Pansies begin showing up in the garden centers in fall along with cool weather favorites like mums, ornamental kale and ornamental cabbages. Pansies may not be the biggest plants on the fall scene, but the bright and cheerful flowers more than make up for their size. Since pansies can’t take hot weather, the cool fall weather is the perfect planting time. They survive all the way through the cold days of winter with ease and often with lots of blooms.
Pansies have the double duty of making fall bulb planting more appealing for impatient gardeners like me. Digging holes for fall bulbs will be so worth it come spring, but there’s nothing to see for the hard work you’re doing now. But planting pansies at the same time you’re putting bulbs the ground gives instant gratification and color to the fall garden. Just like bulbs, give pansies a rich well-drained soil.
Pansies will continue to bloom intermittently all fall and into the winter in my Zone 6B garden. During an especially hard freeze, the plants will sometimes go dormant or the leaves will wither. But pansies quickly bounce back and bloom again throughout the warmer days of winter.
Early spring is the real reward for planting pansies in the cool fall weather. They get much bigger and bloom twice as much in spring. The roots have been getting established all through the fall and winter months which give them a head start at getting established. I’ve tried waiting and planting pansies in the spring with disappointing results. Pansies just don’t have ample time to get established before it becomes too hot for them to thrive in southern climates.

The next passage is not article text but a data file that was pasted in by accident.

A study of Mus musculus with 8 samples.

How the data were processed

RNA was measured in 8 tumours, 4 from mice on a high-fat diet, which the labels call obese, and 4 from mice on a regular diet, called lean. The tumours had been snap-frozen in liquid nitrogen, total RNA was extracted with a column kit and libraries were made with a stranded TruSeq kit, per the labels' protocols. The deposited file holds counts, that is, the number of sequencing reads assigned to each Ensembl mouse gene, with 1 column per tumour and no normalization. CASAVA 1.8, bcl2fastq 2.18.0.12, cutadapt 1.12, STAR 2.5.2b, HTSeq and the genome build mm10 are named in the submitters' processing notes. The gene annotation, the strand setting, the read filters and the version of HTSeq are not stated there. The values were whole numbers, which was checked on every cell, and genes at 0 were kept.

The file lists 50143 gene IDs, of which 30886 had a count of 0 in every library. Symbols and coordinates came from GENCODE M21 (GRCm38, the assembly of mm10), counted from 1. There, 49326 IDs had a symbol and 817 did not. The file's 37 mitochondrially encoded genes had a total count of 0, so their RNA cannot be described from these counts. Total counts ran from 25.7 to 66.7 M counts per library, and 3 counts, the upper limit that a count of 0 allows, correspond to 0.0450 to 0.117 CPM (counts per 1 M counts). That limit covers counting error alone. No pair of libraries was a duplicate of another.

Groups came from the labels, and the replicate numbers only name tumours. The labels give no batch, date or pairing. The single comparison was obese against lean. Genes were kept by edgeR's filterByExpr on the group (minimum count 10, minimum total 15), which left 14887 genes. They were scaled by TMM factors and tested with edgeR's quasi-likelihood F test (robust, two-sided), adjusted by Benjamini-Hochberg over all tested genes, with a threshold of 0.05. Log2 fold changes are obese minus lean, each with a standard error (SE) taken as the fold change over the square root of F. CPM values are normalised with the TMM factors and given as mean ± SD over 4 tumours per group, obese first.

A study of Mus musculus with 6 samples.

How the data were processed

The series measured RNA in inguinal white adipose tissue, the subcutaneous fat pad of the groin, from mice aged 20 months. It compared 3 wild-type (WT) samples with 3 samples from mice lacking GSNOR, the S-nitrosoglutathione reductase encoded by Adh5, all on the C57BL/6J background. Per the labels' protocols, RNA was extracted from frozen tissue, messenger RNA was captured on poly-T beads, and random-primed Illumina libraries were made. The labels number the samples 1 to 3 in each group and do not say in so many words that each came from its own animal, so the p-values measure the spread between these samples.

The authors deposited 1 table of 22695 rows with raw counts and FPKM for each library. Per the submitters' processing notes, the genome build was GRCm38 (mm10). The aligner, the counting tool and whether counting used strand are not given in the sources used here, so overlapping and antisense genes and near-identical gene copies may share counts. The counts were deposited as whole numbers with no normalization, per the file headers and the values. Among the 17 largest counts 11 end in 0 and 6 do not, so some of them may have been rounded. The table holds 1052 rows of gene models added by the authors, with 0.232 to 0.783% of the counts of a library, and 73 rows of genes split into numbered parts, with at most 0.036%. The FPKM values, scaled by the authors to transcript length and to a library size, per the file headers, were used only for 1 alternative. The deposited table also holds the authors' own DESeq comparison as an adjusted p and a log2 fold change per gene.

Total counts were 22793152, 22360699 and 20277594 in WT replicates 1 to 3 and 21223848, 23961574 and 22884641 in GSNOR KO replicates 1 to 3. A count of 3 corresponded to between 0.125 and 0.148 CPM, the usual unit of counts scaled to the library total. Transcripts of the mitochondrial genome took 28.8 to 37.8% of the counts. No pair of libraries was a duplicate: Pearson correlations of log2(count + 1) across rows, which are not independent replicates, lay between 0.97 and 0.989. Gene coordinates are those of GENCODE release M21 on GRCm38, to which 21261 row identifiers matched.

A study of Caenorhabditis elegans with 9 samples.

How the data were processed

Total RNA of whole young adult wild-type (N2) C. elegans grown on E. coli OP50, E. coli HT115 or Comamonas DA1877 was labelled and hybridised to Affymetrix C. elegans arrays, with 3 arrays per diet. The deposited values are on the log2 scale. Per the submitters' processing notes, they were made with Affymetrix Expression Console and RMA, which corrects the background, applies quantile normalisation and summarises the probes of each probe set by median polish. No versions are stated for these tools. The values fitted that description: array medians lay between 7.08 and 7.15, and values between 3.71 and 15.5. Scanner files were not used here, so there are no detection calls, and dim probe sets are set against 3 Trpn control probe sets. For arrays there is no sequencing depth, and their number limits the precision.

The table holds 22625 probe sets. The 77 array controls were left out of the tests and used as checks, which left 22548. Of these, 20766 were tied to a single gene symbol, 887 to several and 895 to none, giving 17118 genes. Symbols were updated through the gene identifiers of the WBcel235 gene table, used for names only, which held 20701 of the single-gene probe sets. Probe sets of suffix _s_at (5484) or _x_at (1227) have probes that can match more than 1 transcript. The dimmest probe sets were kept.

The size of the flowers can vary somewhat with different varieties of pansies but none are as small as their cousin the viola. The pansies with the dark centers have the biggest and showiest flowers. Occasionally a new pansy flower color will pop up on the market. One of my favorites is the soft orange that’s not as plentiful in the garden centers. But the color is worth trying to find because it looks so great with pumpkins and other fall decor.
Besides orange, the sky is almost the limit with color choices. Pansies are available in a variety of solid colors, bicolor and tricolor combinations. These cool weather favorites come in solids and combinations of colors. For starters, there is yellow and brown, solid lemon yellow, solid white, white and purple with brown, pastel orange, reddish pink, periwinkle blue and burgundy. Some have dark centers on the petals that are often said to resemble happy faces.
The newest pansy on the market is called Icicle and is supposedly more cold tolerant and will bloom all winter. The Icicle pansy was developed in Canada, so maybe it will really out perform the other cool weather pansies. This would be a good experiment for the colder northern gardeners because the regular pansies I’ve been buying for years already do this. Fernlea Flowers in Ontario, Canada guarantees the Icicle pansy will bloom again in the spring after harsh northern winters. Register at the website iciclepansy.com to find locations that have Icicle pansies available near you. Since a money-back guarantee is offered, there’s really nothing to lose.